A kind of cottage industry has formed around Shackleton's ill-fated mission, including an A&E miniseries starring Kenneth Branagh that aired earlier this month, as well as several high-profile books. Caroline Alexander's best seller The Endurance: Shackleton's Legendary Antarctic Expedition provides the source of this evocative documentary of the same name by Pumping Iron filmmaker George Butler.
In part, Shackleton's legacy benefits from the vogue for natural-disaster accounts like Into Thin Air and The Perfect Storm. But his voyage stays vivid to modern audiences thanks to expedition cinematographer Frank Hurley, who kept an extensive record of the ordeal on film and still photographs. Hurley's footage formed the basis of the fascinating 1919 documentary South, recently restored and re-released by the National Film and Television Archive of the British Film Institute.
South provides some of the raw material for Butler's The Endurance, which employs Hurley's most chilling shots and sequences. In the most memorable moment, the ship lists at unnatural angles and slowly caves in between massive sheets of ice, the masts collapsing around it. Though South conveys a silent awe in the face of the elements, Hurley's technical constraints can only reveal a fraction of the story, with the new documentary filling the gaps.
The Endurance is enriched with back-story from "polar historians" and the aged children of the crew, as well as letters, diary entries and early radio interviews with the expedition's survivors. Headshots of various crewmen help personalize the class conflicts, personality differences and even a moment of mutiny.
When the ship is trapped, the crew spends a staggering 10 months on islands of ice during months of near total darkness. The expedition's travails then include an arduous sea-voyage to blustery, inhospitable Elephant Island, and from there Shackleton and a handful of officers sail 800 miles to the nearest isle with human habitation. As narrator Liam Neeson describes such scenes, Butler's camera travels at low elevations above icy oceans, frozen beaches and groups of penguins, like beautifully desolate footage from IMAX nature films.
The Endurance credits Shackleton's unflappable leadership with keeping the crew alive, so it's surprising the film doesn't reveal more of his background. He made two prior attempts to brave Antarctica, but the documentary provides little information about them. Butler paints Shackleton as being calm and driven, reining in his own frustrations to keep morale up, but we never get inside the explorer's skin.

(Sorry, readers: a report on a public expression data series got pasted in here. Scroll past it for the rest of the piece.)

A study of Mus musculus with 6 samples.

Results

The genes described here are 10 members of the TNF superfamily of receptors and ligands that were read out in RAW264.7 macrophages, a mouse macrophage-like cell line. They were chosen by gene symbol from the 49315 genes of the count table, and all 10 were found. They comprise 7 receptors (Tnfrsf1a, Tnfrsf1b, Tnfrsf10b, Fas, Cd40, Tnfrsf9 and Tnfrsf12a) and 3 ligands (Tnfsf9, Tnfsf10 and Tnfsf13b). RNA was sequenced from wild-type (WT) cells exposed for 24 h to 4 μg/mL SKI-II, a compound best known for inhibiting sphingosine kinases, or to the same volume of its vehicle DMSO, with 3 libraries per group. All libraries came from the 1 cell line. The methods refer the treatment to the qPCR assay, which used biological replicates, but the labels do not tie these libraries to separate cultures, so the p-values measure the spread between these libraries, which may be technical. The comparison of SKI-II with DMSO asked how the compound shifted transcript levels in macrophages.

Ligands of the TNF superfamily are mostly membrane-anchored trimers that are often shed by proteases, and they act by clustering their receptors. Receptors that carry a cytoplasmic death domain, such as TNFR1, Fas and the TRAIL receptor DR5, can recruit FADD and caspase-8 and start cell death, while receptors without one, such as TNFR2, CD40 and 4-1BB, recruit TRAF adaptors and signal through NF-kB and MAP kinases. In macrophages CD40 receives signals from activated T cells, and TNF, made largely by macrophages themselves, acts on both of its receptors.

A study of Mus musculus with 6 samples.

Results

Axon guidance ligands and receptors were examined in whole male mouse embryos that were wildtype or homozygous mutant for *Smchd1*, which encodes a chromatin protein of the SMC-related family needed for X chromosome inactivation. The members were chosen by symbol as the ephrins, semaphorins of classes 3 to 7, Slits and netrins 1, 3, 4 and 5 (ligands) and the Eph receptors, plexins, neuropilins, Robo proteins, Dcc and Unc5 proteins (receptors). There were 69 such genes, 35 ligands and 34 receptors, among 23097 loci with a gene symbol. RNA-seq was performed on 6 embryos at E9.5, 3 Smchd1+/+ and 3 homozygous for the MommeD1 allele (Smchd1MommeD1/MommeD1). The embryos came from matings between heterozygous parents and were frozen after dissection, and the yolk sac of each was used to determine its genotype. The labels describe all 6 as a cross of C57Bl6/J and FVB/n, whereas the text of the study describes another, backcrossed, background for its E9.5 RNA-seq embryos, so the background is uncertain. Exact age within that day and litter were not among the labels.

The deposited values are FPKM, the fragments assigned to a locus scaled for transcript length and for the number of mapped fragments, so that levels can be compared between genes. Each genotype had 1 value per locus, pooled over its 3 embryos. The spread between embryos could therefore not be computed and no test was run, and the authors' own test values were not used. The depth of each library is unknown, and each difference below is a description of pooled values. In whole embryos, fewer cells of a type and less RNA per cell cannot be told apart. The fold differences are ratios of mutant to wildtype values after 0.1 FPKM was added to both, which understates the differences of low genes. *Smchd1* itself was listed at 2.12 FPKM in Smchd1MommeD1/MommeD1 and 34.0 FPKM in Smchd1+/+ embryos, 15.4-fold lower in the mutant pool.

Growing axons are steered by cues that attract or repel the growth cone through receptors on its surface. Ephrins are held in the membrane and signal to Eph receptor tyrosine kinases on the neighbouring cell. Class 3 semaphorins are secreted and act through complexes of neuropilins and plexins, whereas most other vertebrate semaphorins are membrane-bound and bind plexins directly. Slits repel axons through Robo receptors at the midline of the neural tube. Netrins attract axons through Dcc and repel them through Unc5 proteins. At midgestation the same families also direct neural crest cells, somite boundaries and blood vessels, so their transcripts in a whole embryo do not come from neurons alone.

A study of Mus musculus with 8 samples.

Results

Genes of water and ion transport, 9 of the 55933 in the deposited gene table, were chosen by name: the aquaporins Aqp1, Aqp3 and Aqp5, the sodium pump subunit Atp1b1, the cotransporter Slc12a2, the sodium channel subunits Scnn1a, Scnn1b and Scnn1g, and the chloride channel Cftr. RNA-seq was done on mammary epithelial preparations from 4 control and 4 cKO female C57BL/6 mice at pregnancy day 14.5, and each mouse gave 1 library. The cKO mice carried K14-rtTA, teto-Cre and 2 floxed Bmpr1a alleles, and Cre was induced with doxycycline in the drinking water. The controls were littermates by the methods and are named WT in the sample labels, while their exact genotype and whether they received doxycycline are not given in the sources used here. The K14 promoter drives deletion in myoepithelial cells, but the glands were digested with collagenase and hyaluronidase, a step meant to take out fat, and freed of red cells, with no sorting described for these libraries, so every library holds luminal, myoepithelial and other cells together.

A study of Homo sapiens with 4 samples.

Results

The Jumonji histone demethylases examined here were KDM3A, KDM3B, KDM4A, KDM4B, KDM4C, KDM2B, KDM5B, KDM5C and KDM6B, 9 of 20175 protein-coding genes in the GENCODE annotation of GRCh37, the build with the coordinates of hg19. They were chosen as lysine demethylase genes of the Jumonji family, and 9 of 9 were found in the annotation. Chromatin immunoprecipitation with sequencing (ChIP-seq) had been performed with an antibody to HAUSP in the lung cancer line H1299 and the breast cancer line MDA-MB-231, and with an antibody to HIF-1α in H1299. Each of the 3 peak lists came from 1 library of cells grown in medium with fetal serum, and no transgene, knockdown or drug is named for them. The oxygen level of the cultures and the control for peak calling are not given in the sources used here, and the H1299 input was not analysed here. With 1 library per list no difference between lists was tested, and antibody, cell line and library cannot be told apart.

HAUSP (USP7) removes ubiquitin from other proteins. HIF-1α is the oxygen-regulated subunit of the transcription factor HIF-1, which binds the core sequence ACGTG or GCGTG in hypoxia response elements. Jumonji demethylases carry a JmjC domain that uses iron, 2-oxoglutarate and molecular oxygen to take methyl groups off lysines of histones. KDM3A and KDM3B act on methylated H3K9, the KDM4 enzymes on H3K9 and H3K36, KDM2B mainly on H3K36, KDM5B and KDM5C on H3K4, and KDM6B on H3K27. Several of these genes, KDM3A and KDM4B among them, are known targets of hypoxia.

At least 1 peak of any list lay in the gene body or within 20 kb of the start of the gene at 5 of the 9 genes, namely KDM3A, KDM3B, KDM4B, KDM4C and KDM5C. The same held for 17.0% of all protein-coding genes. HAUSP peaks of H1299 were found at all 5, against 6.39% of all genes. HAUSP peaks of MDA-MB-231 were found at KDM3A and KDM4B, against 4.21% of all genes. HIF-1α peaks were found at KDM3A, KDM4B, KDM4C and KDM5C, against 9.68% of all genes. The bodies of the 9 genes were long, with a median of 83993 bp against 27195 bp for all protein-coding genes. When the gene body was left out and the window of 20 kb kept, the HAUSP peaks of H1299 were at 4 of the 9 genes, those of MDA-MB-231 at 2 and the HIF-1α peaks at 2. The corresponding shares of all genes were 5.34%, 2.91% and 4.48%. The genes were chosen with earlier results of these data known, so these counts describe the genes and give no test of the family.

We get plenty of other details of the crew's predicament, though. The dozens of sled dogs make the film's most appealing subjects, and one crewman describes a pooch called "Shakespeare" "a leader in canine sagacity." Alas, when the team sets off to find land, the dogs are nearly all put down, and someone ruefully remarks how good they taste after months of seal meat. Later the men are reduced to one biscuit a day: "You looked at it for breakfast, you sucked it for lunch, and you ate it for dinner."
With its airy soundtrack music and Neeson's low voice-overs, The Endurance sets a level tone that's often hypnotic but occasionally dull. Yet, you can't deny its effectiveness at depicting the hardships: No matter where you see the film, you'll want to put on a sweater or two.
The Endurance crew returns to civilization like a group of Rip Van Winkles, The Great War having transformed the world they knew. In a bitter irony, several of the survivors would be killed within months in World War I. Occasionally the film refers to Shackleton by the term "adventurer," which sounds utterly antiquated to our ears. The Endurance shows that by bringing his crew back alive, he earned the title.